Nixon is third in number of CITGO Bassmaster Classics fished with 23, including a win in 1983 on the Ohio River. His 18 consecutive Classic appearances between 1977 and 1994 are second only to Rick Clunn’s 28 straight. His five Top 5 Classic finishes are third best all-time.
These accomplishments – and too many more to list – have helped Larry Nixon earn the sixth spot in the Greatest Angler Debate.
The Greatest Angler Debate presented by John Deere started with a list of 35 top anglers from the world of competitive bass fishing. That list was pared down to the sport’s 10 best in January. Fan voting began in January and ended in March. The process ranked the pros third through tenth. The top two candidates will face-off in a second round of voting that begins June 15.
Several weeks ago, the countdown began with angler number 10, Mark Davis. Since then, ninth ranked Gary Klein, eighth ranked Jay Yelas and seventh ranked Hank Parker have been profiled. This week it’s Larry Nixon’s turn at number six. He’ll be profiled on Saturday, May 14, at 9:00 a.m. ET on ESPN2.
Arkansas’ Larry Nixon announced his presence on the cast for cash tour with authority, finishing in the top 40 in each of his first five events and taking second place in his Classic debut in 1977. Three seasons later, in 1980, Nixon earned his first of two Bassmaster Angler of the Year awards. He won his second in 1982 and followed it up with a Classic victory on the Ohio River in 1983. Despite all this success, however, it may be the BASS MegaBucks tournaments that did the most to cement Nixon’s reputation as an all-time great.
The Megabucks format was much different from other BASS events. In MegaBucks, ten tournament finalists rotated through a ten-hole fishing course on the final two days. The Bassmaster Elite 50 events have a similar format today.
Nixon excelled on the fishing courses, winning a quarter of all MegaBucks events. In one stretch of five events between 1988 and 1991, he won four times, setting virtually every MegaBucks record in the process, including heaviest winning total, heaviest one-day catch and largest bass caught.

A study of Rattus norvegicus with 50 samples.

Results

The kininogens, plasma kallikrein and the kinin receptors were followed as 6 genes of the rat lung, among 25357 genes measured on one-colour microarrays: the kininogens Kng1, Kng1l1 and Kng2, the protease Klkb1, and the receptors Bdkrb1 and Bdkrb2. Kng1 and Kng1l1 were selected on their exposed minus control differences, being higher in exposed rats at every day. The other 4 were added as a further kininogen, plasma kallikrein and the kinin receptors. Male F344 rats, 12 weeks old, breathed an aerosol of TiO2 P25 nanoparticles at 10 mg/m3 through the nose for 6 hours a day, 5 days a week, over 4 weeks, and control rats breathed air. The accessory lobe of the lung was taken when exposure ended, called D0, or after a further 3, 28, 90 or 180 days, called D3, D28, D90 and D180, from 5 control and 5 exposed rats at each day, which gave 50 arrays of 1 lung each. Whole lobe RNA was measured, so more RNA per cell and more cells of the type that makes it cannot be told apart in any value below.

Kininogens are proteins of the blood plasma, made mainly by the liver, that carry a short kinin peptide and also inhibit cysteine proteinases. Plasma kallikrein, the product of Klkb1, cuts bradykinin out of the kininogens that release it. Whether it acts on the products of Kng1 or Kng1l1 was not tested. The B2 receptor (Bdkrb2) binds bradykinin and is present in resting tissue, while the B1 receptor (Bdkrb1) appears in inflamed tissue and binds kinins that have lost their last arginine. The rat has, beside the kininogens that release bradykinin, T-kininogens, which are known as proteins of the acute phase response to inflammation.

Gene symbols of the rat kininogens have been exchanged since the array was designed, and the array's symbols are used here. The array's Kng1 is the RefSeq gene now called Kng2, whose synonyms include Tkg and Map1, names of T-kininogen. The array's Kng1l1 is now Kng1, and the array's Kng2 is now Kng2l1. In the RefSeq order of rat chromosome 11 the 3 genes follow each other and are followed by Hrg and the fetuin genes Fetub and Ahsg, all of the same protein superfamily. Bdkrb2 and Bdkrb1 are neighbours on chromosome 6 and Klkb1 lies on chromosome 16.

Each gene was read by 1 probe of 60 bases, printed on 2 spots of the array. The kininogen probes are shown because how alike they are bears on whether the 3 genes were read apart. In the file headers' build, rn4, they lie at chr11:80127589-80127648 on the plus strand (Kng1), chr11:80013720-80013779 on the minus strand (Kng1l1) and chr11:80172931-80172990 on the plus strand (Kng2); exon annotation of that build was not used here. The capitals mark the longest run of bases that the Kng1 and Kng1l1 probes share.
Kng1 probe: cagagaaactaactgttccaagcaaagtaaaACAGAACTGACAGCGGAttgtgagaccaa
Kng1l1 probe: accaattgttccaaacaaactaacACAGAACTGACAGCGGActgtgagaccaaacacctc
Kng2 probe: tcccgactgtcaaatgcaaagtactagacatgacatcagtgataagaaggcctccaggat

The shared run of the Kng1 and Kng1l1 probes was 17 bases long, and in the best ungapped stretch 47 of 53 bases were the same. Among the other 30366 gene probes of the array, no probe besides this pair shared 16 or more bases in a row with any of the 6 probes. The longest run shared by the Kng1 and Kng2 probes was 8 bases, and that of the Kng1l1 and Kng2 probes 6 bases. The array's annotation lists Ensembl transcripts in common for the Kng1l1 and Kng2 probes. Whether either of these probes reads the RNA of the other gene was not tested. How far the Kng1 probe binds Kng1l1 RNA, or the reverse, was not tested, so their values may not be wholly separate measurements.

With 14 career BASS wins, two FLW Tour victories and 80 top ten finishes in 255 BASS events, Nixon is clearly one of the sports legends. He’s finished in the money in more than two-thirds of the BASS events he’s fished and in the top 10 nearly a third of the time. If his winnings on both the BASS and FLW tours are totaled, Nixon has better than $2 million to his credit.
At least a few of the experts are surprised that Nixon didn’t finish higher in the Debate. One of them is Bassmaster Senior Writer and Greatest Angler Debate commentator, Tim Tucker.
“I'm stunned that the fishing fans didn't vote him into the top five,” Tucker said. “In my mind, he's either number three or four. He's done it all. I think what hurt him in the voting is that he isn't flashy. He doesn’t dance or scream in the boat or call attention to himself. Also, I think some debilitating injuries in recent years have limited his success, and fishing fans – like most sports fans – tend to have short memories.”
Had the Greatest Angler Debate been conducted in the 1980s, there’s little doubt that Nixon would have fared much better. Most of his success occurred during that time. Nevertheless, he’s still a fierce competitor, posting two top 12 finishes on the 2005 CITGO Bassmaster Tour and an eighth place finish in the Elite 50 season opener on Smith Lake in Alabama.
“My greatest accomplishment is that I was able to teach a lot of people how to fish,” Nixon said recently. “They’ve learned through my television program, my tapes and my personal appearances."
With characteristic modesty, Nixon offered his take on being named one of the ten greatest anglers of all-time.
"It’s just a great honor to be on this list with these other guys,” he said.
Nixon’s contemporaries and rivals know where he ranks in the sport and have been very vocal in their support of the Arkansas pro.
Fellow Greatest Angler Debate semifinalist Rick Clunn was adamant about Nixon’s status on the list.
"In my mind, there are only four guys who should really be considered in the Greatest Angler Debate,” Clunn said. “They are Larry Nixon, Roland Martin, Denny Brauer and me.”
The youngest member of the 10 semifinalists, Kevin VanDam, was equally effusive with his praise of Nixon.
"I could make a good case for any one of these guys as the winner, but in my mind it comes down to Clunn, Nixon and Brauer," VanDam said.
Though he may not have ranked as high as Clunn and VanDam would have him, Nixon’s stellar career has placed him safely within the ranks of the sport’s greatest stars.
On Saturday, May 14, at 9:00 a.m. ET on ESPN2, BASS Saturday will profile Larry Nixon. Fans will find stats and stories on the Greatest Angler Debate in the pages of Bassmaster Magazine, BASS Times, Bassmaster.com and on the weekly ESPN Outdoors radio show. On June 15, the debate heats up again as the fans choose between the top two anglers during a second round of voting on Bassmaster.com.
The debate will conclude in Pittsburgh — at the 2005 Classic — when two champions are crowned. One will be given the Classic trophy and the other – or perhaps even the same angler! – will be hailed as the greatest angler of all time.